Now she has died, and no doubt the world shall speak well of her, but for all the recognition and notoriety, it never seemed that recognition equaled the talents and creative projection of one of the very greatest female singers in the history of recorded music, a woman who seemed to be capable of literally melting any microphone which carried her commanding and peerless voice.
Etta James had a sound with as identifiable a signature as her fellow Chess label-mate, Howling Wolf: It was immense and unique, and rightly called "a force of nature." It could phrase the most delicate of lyrics from a ballad or shake the rafters of a concert hall. Compared to James, noted female singers of the '60s (such as Janis Joplin) seemed derivative and one-dimensional or, in the case of the more polished Diana Ross, thin and diminished gruel.
You either were totally entranced by this vocal persona, or it was simply too overwhelming for your palate.
She was the greatest of talents in her generation when heard on record and stage, and for those who had experienced her voice and passion, there was always the question as to why Etta James was able to achieve considerable recognition and success, but not super-stardom.
The explanations given were often based in her well-known bouts of drug addiction. But if ever there was an example of a performer whose greatest strengths and virtues were also a limitation to greater popularity, there is no greater example than James. Quite simply, Etta was such a strong presence one can imagine producers trying to figure how to take that cauldron of emotion and towering, gritty, larynx-splitting ability and perhaps vainly hope to dilute it for the purposes of pop palatability. That soulful blowtorch of a vocal was larger than the needs of pop music, relegating her to the realm of legend, if not multi-platinum sales.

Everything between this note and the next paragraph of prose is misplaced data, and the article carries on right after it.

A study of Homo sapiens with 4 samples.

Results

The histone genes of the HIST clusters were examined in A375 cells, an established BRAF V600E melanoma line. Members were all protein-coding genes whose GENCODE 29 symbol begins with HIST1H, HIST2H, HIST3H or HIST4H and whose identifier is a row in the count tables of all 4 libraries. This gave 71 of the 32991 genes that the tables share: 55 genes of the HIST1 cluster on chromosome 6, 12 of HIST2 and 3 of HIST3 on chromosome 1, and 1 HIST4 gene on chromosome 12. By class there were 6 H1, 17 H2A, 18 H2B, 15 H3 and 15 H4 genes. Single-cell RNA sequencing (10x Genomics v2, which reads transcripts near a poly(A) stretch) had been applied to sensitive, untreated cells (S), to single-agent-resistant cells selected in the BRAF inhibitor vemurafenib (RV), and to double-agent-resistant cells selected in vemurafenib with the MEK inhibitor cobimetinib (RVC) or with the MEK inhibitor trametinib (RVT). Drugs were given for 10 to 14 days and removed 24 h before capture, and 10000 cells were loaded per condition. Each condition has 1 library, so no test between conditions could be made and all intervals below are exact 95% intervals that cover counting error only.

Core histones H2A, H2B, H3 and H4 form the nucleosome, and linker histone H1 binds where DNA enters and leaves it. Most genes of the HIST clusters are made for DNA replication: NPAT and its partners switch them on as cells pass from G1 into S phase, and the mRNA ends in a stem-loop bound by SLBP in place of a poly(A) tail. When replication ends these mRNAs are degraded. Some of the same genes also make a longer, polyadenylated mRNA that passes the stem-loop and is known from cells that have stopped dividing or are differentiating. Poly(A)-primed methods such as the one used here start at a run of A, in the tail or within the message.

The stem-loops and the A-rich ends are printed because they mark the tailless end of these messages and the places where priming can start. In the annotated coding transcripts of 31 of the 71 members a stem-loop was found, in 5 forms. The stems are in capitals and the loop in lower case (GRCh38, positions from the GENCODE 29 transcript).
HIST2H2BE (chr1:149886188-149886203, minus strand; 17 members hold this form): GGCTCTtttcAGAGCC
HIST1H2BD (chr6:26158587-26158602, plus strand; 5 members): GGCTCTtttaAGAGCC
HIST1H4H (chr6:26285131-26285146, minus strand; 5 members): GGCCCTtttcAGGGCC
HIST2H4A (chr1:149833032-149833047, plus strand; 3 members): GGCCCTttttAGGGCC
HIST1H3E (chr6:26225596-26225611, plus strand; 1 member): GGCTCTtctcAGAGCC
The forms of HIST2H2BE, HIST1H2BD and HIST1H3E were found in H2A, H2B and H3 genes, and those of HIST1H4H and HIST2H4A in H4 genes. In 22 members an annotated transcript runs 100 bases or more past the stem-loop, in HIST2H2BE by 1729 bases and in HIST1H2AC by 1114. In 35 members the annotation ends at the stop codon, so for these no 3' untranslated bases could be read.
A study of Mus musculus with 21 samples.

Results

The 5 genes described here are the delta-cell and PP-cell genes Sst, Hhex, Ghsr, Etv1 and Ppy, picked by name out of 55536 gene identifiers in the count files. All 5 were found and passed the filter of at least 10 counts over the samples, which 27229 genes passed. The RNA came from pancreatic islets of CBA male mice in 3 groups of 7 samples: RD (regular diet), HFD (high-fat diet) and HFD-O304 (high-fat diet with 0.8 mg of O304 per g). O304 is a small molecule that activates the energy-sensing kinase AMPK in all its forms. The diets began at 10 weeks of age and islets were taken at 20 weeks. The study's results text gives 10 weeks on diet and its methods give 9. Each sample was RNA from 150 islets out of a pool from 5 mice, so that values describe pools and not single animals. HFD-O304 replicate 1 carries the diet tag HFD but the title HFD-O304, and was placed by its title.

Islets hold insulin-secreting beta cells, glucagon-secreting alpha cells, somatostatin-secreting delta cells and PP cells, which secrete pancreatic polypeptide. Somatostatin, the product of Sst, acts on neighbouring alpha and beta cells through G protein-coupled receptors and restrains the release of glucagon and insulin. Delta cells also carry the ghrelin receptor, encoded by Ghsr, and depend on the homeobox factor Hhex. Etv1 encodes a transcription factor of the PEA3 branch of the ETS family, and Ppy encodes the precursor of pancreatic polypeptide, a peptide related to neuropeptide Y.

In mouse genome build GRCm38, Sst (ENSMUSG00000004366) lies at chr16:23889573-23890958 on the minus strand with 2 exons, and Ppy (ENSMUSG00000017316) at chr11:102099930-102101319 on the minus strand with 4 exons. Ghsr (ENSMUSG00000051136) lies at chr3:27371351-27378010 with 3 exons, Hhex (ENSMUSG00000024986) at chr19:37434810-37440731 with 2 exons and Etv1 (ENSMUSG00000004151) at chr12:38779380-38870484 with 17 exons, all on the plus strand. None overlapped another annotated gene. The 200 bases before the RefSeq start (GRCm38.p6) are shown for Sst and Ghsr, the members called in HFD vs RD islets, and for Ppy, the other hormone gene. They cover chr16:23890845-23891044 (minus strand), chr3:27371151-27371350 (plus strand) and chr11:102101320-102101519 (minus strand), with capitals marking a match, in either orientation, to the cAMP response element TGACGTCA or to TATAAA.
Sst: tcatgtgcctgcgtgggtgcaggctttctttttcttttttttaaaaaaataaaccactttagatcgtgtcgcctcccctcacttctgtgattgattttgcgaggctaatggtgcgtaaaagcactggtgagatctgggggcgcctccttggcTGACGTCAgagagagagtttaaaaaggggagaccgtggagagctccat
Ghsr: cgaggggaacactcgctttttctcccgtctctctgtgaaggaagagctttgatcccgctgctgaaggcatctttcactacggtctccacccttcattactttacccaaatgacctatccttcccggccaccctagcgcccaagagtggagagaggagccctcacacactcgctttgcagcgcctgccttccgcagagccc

So, if the top of the pop charts was not her normal place in this world, she nonetheless made of her career an inimitable one that stretched from the mid-1950s (when the also-recently departed Johnny Otis -- he died three days before her, at the age of 90 -- brought her to Modern Records in Los Angeles, and to his road show R&B revue) into the 21st century.
James may not have had the commercial cachet of a Celine Dion, but then again, it is questionable any American president and wife will be seen taking to the floor to a Ms. Dion recording as we did when the Mr. and Mrs. Obama glided to "At Last" in 2009.
There were always labels and producers eager to work with this moody, gifted diva of blues, and like Nina Simone, Ray Charles, James Brown, Muddy Waters and Solomon Burke, Etta James was so obviously a class of one in her art, it would be foolish to claim otherwise.
I'll remember those take-no-prisoner shows of her (I was lucky enough in the early '90s to have emceed one of them, here in St. Louis): I remember how she wowed the crowd at the Fox Theatre when a filmmaker decided to capture Chuck Berry in concert. And of course the many, many four-star records she recorded for labels such as Chess, Island, Sony and others are such irrefutable proof of what I've just written, it's pointless to say any more but this:
Listen to Etta James, whenever you wish to hear the real deal. She'll be waiting.
Papa Ray is host of Soul Selector, every Monday 4-7 p.m. Central, on 88.1 KDHX.